At Boston Medical Center our goal is not only to treat disease, but to question why it persists. Keeping people healthy is no longer about treating acute and chronic disease over and over again; a model in which people spend too much time at the doctor's and costs rise.
We know that for many, medical issues exist because of a lack of employment, income, stable housing or food, and limited education. These are sometimes called "root causes upstream" and the health issues they lead to are known as "downstream consequences." At BMC, we are now intervening at the upstream, in order to affect the downstream disease and instability we see in our clinics and hospital every day.
To do this, we are working with our partners in the community and leveraging our collective resources and expertise to break down the structural barriers our patients face and improve things like access to employment, food, and stable housing. Our goal is to help economically stimulate neighborhoods to transform where our patients live and work into sustainable, vibrant communities.
These website pages are designed to keep you up-to-date with our work, and provide you with the resources and tools you may need to help your patients and community. You will find information about the work we are doing around Social Determinants of Health, programs to assist patients, informative literature, and BMC events in the community. As you use this site, please let us know of ways we can add to or improve content to make it a more robust tool for you.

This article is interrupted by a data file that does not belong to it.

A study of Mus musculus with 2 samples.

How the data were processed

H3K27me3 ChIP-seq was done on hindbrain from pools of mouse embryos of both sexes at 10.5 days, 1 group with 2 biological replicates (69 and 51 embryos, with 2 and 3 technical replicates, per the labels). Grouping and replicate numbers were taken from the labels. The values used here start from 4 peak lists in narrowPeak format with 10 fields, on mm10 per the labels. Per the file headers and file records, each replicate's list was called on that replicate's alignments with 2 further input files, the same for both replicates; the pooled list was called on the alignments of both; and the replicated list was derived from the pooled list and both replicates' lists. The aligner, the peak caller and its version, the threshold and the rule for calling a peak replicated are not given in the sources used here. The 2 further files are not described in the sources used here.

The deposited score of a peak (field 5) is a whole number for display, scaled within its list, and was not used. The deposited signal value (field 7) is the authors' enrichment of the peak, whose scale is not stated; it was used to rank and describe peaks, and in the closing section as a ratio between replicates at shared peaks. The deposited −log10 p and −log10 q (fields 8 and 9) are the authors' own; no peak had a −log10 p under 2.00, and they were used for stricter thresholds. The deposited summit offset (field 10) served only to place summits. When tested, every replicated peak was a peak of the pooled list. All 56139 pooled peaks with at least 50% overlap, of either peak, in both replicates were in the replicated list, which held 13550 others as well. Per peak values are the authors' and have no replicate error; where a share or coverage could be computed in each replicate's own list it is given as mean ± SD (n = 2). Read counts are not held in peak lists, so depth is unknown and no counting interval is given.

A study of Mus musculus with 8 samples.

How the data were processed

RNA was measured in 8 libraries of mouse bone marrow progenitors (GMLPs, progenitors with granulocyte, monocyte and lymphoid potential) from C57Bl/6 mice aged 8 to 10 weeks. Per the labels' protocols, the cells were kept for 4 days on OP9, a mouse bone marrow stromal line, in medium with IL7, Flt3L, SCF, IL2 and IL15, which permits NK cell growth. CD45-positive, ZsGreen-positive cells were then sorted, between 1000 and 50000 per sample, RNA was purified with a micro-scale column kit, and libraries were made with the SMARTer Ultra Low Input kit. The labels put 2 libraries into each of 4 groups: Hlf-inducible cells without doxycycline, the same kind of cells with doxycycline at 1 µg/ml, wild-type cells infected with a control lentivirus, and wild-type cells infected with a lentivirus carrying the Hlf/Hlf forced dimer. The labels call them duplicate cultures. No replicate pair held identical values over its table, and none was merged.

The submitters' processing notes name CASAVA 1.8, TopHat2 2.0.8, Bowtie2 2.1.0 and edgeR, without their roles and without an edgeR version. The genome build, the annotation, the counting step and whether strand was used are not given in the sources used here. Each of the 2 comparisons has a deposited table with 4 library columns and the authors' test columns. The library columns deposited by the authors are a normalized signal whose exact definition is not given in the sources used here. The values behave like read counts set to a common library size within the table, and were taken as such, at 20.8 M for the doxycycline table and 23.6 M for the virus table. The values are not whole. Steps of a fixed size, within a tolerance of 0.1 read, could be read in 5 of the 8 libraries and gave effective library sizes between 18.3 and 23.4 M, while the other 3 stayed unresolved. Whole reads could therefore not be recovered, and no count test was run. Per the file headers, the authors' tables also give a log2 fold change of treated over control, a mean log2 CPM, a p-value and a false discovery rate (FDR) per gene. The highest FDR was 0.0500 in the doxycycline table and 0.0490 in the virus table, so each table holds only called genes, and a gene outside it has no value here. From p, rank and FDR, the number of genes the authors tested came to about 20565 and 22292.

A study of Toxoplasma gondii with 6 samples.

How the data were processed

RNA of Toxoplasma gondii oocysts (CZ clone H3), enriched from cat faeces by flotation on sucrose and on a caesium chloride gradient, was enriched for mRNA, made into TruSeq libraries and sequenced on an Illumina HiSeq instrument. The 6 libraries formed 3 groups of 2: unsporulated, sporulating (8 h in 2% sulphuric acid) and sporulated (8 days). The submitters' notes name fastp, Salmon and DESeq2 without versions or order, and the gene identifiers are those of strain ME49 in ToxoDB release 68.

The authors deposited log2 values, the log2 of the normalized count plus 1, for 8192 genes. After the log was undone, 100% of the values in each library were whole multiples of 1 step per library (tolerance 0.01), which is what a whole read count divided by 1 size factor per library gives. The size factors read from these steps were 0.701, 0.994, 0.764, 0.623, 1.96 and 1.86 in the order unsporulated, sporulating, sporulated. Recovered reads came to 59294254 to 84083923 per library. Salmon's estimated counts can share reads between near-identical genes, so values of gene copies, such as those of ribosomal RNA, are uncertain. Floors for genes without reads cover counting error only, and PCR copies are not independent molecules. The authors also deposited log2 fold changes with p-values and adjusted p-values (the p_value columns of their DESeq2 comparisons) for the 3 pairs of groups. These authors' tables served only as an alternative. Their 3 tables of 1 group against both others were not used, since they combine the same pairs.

Equality vs Equity
In the first image, it is assumed that everyone will benefit from the same supports. They are being treated equally.
In the second image, individuals are given different supports to make it possible for them to have equal access to the game. They are being treated equally.
In the third image, all three can see the game without any supports or accommodations because the cause of the inequity was addressed. The systemic barrier has been removed.